Posted by: Roman (formerly Rally V) <Send E-Mail> Date: Monday, January 23, 2012, at 8:31 a.m. IP Address: spxysfo1.bankofamerica.com
Now Playing: Star Trek V - Goldsmith
Some of CCs comments here just don't ring true for me. I don't think that Rosenman was attempting to make a parody score. I never felt the main theme was supposed to poke fun at typical Star Trek movie music. It was just Rosenman's attempt at a heroic theme (and why it is similar to his work on Bakshi's "Lord of the Rings"). CC seems to have issues with "overly cheery" music and it certainly affects his grading. But I feel that both Nimoy and Roseman felt that a lighter tone to the score was needed for the lighter tone of the film.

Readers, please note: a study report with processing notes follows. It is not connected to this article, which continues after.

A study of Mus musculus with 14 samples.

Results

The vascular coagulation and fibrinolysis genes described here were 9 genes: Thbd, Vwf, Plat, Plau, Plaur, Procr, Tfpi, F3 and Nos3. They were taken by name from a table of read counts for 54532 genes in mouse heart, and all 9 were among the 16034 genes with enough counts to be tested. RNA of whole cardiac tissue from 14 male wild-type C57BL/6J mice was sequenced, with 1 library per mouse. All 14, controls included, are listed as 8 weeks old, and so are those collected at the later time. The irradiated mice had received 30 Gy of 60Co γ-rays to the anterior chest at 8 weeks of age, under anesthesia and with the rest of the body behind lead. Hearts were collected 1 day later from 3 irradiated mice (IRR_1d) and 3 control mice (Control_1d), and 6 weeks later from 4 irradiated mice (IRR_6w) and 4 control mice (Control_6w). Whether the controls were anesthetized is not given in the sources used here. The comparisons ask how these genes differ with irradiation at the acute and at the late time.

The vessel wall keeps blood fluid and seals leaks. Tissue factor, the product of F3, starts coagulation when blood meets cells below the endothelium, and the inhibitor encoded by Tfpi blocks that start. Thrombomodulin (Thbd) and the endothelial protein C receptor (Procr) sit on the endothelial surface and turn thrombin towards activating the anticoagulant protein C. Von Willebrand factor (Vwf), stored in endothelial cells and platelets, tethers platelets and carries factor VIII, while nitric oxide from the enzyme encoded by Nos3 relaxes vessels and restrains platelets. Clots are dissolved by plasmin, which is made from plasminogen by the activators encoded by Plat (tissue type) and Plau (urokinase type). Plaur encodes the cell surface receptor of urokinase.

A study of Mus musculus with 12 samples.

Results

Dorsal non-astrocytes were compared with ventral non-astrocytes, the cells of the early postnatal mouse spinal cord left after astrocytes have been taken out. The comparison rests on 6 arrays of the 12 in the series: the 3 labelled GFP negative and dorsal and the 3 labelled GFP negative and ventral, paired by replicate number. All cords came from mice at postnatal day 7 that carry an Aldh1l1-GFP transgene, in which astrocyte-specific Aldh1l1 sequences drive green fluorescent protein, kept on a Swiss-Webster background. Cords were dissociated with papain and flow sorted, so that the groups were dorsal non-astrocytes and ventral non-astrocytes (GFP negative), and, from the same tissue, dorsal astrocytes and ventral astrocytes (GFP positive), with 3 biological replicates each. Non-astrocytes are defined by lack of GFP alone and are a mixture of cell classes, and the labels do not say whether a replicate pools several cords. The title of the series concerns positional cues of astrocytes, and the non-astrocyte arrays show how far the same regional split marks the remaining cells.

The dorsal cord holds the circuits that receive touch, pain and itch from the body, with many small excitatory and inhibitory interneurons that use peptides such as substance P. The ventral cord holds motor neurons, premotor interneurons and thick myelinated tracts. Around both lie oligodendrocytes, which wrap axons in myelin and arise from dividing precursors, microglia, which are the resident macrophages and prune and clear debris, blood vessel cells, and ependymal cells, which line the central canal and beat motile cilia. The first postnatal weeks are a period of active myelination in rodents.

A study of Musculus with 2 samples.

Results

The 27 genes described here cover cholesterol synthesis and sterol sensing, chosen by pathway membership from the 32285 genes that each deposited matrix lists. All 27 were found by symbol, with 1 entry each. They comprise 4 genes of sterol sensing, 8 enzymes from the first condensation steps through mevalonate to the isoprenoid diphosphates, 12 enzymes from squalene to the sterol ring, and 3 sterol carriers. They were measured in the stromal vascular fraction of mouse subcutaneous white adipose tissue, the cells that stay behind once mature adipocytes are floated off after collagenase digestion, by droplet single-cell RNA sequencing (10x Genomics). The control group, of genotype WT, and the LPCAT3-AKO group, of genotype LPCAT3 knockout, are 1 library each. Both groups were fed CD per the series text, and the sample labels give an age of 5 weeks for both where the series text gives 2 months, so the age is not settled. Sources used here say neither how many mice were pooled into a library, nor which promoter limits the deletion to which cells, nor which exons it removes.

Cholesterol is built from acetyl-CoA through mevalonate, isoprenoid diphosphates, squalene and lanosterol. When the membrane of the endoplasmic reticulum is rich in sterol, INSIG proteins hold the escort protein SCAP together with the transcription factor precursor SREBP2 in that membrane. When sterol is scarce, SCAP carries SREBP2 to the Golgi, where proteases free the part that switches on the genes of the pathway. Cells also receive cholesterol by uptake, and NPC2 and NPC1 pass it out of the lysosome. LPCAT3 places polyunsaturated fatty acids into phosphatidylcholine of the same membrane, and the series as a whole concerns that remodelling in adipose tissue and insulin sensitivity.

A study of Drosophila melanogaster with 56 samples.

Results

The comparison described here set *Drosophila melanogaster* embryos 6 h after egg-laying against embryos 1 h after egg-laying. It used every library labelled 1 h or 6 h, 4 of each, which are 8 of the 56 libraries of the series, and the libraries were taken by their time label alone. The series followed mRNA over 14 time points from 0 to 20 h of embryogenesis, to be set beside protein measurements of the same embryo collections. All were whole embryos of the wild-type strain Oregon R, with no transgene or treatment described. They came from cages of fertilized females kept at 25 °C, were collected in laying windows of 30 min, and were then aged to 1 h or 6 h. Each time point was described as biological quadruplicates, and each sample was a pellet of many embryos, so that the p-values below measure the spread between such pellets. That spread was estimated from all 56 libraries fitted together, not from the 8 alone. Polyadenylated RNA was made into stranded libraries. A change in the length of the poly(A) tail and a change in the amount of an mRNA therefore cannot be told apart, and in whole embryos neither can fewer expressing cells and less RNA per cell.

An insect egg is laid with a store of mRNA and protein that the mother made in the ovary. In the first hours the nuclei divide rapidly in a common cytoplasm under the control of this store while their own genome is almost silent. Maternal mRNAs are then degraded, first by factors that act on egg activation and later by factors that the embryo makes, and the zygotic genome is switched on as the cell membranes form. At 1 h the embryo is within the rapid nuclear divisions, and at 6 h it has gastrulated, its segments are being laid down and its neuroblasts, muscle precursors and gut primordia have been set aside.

In addition CC says that there is little connection to the Star Trek universe and this music. Again I disagree. This music is closer in feel and sound to the original series scoring styles. Again I think this goes back to Nimoy's desire to make this more like an old fashioned Trek episode. In the liner notes to Intrada's excellent release, there's a quote from him about using Courage's main theme in the opening titles to get the fans ready for a clasic Star Trek adventure. But here Rosenman dropped the ball, turning Courages theme into something too slow and melodic to indicate a fun adventure.
In the end I agree with CC, this score does suffer in comparison to its surrounding scores. Horner, Goldsmith and Eidelman did some great stuff that is truely timeless film music. Rosenman's score is dated (but again that isn't something I would lower the grade for. The score was a good fit and a relic of its time). No, it isn't an epic adventure score. Its a fun score for a fun movie. But I will admit that nostalgia colors my opinion of the film and score.
An easy three stars in my book, and not something that deserves all the slams it ends up getting.